Identifying and responding to the reproductive decision-making needs of women with epilepsy
Dennis A. Identifying and responding to the reproductive decision-making needs of women with epilepsy [dissertation]. Boston, MA: Boston University; 2012.
Background: Epilepsy is the most common neurological disorder in U.S. women of reproductive age. For women with the disorder, decisions related to having children, managing health during pregnancy or utilizing contraception (defined here as reproductive decisions) are central to neurological and reproductive health because some epilepsy treatments reduce the efficacy of hormonal contraceptives and increase the risk of malformations in offspring. Additionally, hormonal changes due to pregnancy or contraceptive use can influence seizure activity.
Methods: This dissertation aimed to illuminate the reproductive decision-making processes and needs of women with epilepsy. The Ottawa Decision Support Framework guided the analysis of one year of reproductive-focused postings to online forums for women with epilepsy and 30 in-depth interviews with women with epilepsy of reproductive age.
Findings: Women’s reports showed that the ability to make and implement informed reproductive decisions depends upon financial and emotional resources, as well as existing capacity to clarify values surrounding reproductive and neurological outcomes, navigate a segmented health care system and weather stigma. Overall, women described feeling knowledgeable and prepared to make and implement decisions about having children and managing their health throughout pregnancy, while encountering considerable challenges with contraceptive decisions. In the worst cases, these challenges led to unplanned pregnancies, increased seizure occurrence, regretted sterilizations and lack of trust in clinical providers.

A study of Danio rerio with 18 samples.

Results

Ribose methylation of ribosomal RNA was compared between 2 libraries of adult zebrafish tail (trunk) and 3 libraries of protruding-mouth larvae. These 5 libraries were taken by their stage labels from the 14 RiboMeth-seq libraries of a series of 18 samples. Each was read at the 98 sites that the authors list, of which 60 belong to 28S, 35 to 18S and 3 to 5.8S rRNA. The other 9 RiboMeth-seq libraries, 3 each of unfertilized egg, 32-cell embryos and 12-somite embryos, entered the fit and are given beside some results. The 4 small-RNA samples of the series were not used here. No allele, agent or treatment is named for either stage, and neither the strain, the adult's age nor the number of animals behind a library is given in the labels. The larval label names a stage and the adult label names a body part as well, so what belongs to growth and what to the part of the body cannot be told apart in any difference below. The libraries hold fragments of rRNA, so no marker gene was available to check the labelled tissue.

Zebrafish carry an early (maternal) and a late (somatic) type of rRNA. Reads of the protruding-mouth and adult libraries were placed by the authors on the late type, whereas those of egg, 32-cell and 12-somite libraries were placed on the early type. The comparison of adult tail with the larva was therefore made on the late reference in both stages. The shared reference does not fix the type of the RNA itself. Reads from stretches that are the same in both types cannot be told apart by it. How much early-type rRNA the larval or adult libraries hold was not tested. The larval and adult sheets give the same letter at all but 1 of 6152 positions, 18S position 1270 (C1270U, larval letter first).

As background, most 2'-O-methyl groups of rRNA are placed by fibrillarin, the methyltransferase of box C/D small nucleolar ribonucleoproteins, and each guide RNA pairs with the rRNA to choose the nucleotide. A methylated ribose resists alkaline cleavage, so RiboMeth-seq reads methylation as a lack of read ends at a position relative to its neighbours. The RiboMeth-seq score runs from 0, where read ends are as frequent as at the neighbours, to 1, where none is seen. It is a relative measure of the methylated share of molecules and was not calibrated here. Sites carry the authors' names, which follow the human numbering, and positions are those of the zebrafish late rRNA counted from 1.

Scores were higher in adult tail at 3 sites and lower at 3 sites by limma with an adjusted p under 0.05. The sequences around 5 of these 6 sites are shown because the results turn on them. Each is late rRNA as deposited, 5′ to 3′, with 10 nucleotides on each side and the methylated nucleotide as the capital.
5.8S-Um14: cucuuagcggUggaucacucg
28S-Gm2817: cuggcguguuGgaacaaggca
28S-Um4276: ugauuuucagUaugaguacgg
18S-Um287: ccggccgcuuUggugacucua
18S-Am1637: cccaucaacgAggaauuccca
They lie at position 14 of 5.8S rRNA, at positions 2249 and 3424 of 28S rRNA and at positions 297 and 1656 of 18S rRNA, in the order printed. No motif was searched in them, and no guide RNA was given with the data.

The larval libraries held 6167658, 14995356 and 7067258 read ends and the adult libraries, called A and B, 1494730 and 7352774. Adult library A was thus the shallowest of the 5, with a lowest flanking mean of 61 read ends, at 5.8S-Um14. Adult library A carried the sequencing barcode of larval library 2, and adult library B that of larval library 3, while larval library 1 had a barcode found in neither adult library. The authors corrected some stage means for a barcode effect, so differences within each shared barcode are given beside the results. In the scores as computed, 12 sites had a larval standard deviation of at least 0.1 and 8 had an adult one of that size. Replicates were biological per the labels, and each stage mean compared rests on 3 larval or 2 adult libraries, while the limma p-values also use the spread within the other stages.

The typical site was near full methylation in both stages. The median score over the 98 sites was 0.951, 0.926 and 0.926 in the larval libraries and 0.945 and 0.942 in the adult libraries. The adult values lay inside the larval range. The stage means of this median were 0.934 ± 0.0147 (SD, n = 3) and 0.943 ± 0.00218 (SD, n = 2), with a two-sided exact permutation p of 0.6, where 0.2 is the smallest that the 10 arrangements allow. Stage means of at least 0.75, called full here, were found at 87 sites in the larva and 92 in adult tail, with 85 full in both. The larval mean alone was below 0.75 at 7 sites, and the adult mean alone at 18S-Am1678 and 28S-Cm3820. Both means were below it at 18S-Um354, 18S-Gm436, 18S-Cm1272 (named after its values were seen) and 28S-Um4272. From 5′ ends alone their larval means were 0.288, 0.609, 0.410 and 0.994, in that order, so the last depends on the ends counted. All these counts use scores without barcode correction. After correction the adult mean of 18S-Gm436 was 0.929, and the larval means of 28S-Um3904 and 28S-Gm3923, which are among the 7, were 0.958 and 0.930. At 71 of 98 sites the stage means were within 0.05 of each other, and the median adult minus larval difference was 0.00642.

Intervention: Findings were applied to the development of a contraceptive decision aid, designed according to the Ottawa Decision Support Framework. This aid includes information about epilepsy and contraception, stories of women's experiences with contraception, a values clarification exercise and methods for facilitating discussions of contraceptive needs with clinical providers. In a pre-post evaluation with 14 women with epilepsy, the decision aid was found to be acceptable and effective at increasing knowledge.
Conclusions: This dissertation fills gaps in awareness about contraceptive needs of women with epilepsy and moves public health practice forward. The resulting decision aid educates women with epilepsy about their specific contraceptive options, helps them explore values and guides them in implementing informed contraceptive decisions. It can serve as a model for developing similar tools for reproductive-aged women with other health conditions requiring medication.